Franklin Roosevelt and Lyndon Johnson would be proud of what the Republicans who run the federal government are doing now: They are planning to add a massive new element to the welfare state.
Cheered on by President Bush, the Republican Senate is poised to approve a bill adding a prescription drug benefit to the already bankrupt Medicare program. So far, there is no organized resistance to the plan in the Republican House.
This new entitlement is politically shortsighted, pandering to forces that could eventually smother the Republican Party. But worse, it is fiscally and morally indefensible.
In the short run, Republicans figure it will help them in the 2004 elections-particularly in the pivotal state of Florida, which George W. Bush barely won in 2000, and which has a large elderly population. In the middle run, however, the GOP may pay a great price for it at the polls. And, in the long run, it could help precipitate an economic and social crisis unequaled since the Great Depression.
A Fiscal Joke
As the Senate Finance Committee describes it, this benefit will give all 40 million Americans currently eligible for Medicare huge annual subsidies to buy drugs. For a nominal monthly premium of $35, a recipient gets a drug insurance plan with a $275 annual deductible. Between $275 and $4,500, taxpayers will cover 50% of the cost of all drugs that a Medicare recipient purchases.
Above $4,500, the benefit lapses until a recipient has paid a total of $3,700 for drugs out-of-pocket (equal to $5,873 in total drug purchases). From there on, taxpayers will pay 90% of a recipients drug costs.
Congressional Republicans estimate this will cost $400 billion over 10 years. The estimate is a joke.
“Since the program is an entitlement, there is no fixed budget,” writes analyst Stuart Butler of the Heritage Foundation. “Moreover, the evidence from both private and public sectors in recent years suggests that future costs are likely to exceed projections. But even if they are accurate, it is not the next 10 years that matter. It is the years after that, when the full force of the Baby Boom generation hits Medicare and Social Security. Within 15 years Medicare already faces a Niagara of red ink. Adding a drug benefit without serious reforms and constraints on future spending means massive tax burdens on generations to come.” Butler may be optimistic.
Medicare is already in the red-even if the government sometimes tries to hide this fact with smoke-and-mirrors accounting gimmicks worthy of Enron. In April 9 testimony before the House Subcommittee on Health, Richard S. Foster, chief actuary of the Centers for Medicare and Medicaid Services (which runs Medicare), stated the programs bottom line for fiscal 2003. “Medicare, overall,” he said, “is . . . projected to draw a net amount of $87.7 billion from the budget.”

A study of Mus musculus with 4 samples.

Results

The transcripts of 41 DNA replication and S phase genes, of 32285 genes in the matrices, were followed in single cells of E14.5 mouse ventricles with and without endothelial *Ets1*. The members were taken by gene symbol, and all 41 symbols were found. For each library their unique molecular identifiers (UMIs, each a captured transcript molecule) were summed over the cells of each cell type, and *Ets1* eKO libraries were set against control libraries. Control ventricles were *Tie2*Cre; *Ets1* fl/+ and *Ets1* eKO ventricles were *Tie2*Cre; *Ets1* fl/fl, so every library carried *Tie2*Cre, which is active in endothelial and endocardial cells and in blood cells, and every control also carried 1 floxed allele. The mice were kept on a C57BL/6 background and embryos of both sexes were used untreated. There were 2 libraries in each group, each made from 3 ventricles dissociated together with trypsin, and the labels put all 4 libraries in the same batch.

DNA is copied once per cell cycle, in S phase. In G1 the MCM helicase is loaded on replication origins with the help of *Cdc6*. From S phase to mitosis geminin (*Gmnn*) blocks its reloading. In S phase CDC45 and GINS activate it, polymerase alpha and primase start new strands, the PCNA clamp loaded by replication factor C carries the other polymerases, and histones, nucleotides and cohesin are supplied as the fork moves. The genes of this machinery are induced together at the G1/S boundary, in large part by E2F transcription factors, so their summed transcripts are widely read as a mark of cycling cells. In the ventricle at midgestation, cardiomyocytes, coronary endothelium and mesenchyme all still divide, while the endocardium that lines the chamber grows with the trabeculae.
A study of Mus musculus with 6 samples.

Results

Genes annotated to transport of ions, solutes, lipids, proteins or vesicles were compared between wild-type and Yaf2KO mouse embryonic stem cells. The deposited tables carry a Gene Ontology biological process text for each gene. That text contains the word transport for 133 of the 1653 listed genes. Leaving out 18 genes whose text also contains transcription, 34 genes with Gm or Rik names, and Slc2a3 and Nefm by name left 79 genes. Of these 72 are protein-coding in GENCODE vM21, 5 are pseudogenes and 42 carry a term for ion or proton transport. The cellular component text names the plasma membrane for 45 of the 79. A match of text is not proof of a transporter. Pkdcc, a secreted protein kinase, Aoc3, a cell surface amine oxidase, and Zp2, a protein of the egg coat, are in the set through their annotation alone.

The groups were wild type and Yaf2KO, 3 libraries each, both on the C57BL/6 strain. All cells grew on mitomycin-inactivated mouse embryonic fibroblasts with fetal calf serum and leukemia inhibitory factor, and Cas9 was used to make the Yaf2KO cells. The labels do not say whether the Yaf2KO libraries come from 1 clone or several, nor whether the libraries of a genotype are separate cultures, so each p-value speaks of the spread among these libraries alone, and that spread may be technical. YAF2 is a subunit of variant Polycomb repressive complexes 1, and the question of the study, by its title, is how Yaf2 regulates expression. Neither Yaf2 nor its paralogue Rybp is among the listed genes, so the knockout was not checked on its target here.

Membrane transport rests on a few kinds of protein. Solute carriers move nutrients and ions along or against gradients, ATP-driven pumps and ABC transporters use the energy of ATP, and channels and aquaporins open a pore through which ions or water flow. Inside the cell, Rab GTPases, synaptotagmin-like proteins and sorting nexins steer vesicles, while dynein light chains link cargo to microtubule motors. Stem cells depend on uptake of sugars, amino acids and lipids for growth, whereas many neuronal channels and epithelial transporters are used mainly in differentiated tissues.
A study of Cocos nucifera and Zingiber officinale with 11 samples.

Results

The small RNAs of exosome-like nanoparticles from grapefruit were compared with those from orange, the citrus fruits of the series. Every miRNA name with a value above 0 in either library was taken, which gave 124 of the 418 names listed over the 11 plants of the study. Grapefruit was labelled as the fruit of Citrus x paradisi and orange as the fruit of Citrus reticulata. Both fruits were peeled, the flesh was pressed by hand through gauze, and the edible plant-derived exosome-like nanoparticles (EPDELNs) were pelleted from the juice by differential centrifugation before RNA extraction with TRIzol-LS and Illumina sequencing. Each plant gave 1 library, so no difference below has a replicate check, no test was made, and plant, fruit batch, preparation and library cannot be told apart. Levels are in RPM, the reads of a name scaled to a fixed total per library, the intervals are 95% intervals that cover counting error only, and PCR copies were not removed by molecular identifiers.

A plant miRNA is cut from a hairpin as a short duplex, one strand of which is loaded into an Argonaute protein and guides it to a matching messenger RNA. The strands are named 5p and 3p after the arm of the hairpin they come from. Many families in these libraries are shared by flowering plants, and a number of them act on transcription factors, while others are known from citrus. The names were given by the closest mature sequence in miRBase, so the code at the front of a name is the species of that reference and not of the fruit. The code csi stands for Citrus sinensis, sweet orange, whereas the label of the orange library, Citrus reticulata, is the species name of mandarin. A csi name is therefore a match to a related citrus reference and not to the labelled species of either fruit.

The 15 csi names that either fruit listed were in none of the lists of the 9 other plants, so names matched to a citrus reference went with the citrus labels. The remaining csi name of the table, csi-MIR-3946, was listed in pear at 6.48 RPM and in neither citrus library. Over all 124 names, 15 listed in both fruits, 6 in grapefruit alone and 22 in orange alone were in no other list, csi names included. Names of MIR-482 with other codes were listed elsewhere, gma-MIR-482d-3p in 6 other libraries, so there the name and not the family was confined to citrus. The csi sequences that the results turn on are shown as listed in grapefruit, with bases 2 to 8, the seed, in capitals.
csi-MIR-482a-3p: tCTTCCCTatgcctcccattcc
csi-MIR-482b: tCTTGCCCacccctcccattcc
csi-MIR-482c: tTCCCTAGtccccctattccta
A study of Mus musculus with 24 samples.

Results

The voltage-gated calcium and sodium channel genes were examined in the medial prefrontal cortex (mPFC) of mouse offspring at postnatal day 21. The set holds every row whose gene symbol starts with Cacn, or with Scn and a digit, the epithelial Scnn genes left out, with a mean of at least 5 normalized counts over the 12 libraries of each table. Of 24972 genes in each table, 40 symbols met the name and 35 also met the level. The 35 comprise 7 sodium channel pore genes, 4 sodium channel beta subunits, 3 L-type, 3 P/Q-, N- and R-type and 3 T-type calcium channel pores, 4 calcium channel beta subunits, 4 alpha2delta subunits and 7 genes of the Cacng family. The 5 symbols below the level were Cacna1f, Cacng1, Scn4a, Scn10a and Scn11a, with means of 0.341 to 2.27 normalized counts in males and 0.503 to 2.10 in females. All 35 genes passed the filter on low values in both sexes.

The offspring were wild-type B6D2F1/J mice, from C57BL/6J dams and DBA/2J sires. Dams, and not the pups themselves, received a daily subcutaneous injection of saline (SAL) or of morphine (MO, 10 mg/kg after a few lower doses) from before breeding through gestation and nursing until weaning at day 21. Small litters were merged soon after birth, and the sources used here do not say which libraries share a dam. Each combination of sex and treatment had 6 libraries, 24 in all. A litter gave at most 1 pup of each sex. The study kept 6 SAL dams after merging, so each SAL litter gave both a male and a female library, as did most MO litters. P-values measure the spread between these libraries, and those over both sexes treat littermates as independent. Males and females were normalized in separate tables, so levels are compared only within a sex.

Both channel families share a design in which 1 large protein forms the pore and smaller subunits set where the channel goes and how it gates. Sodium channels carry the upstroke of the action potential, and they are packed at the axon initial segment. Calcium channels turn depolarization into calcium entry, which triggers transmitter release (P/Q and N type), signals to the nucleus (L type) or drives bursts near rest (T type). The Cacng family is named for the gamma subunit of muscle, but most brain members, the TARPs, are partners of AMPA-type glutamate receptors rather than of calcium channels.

Over the horizon looms fiscal Armageddon.
The two major elements of Medicare are Hospital Insurance (HI, or Part A) and Supplementary Medical Insurance (SMI, or Part B). HI is underwritten by a 1.45% payroll tax paid by all employees and employers (2.9% for the self-employed). By statute, SMI recipients are supposed to pay an annual premium set at 25% of its cost, with taxpayers picking up the other 75%. There are now fewer than four workers per Medicare recipient paying the taxes to cover these costs. By 2030 there will be only 2.3 workers per recipient. (For more info, click here.)
When Social Security and Medicaid (federally subsidized health care for the poor) are added into the fiscal equation for tomorrows welfare state it becomes obvious there is no realistic prospect for sustaining that welfare state-even without a prescription drug benefit-unless the government is willing to tax middle-aged working people into poverty.
On July 25, 2001, U.S. Comptroller General David Walker spelled out the problem for the House Budget Committee. “Taken together, the two major government health programs-Medicare and Medicaid-represent an unsustainable burden on future generations,” said Walker.
“Assuming, for example, that Congress and the President adhere to the often-stated goal of saving the Social Security surpluses, our long-term simulations show a world by 2030 in which Social Security, Medicare and Medicaid absorb most of the available revenues within the federal budget,” he said.
“Absent changes in the structure of Medicare and Social Security,” he predicted, “sometime during the 2040s government would do nothing but mail checks to the elderly and their health care providers.”
Between then and now, Republicans would find themselves perpetually out-bid by Democrats in their mutual efforts to pander to retired Baby Boomers who had been tutored by government to depend on government.
America would become a socialist country-with an increasingly aggrieved and impoverished bloc of people struggling to pay the taxes to cover the Social Security, drug bills and other medical costs of other peoples grandparents.
Conservatives believe freedom is a moral imperative-for old and young alike. Bloating the welfare state today with a new prescription drug benefit will diminish American freedom now, and could help extinguish it in the future. Republicans who call themselves conservatives should fight the plan, not help push it through.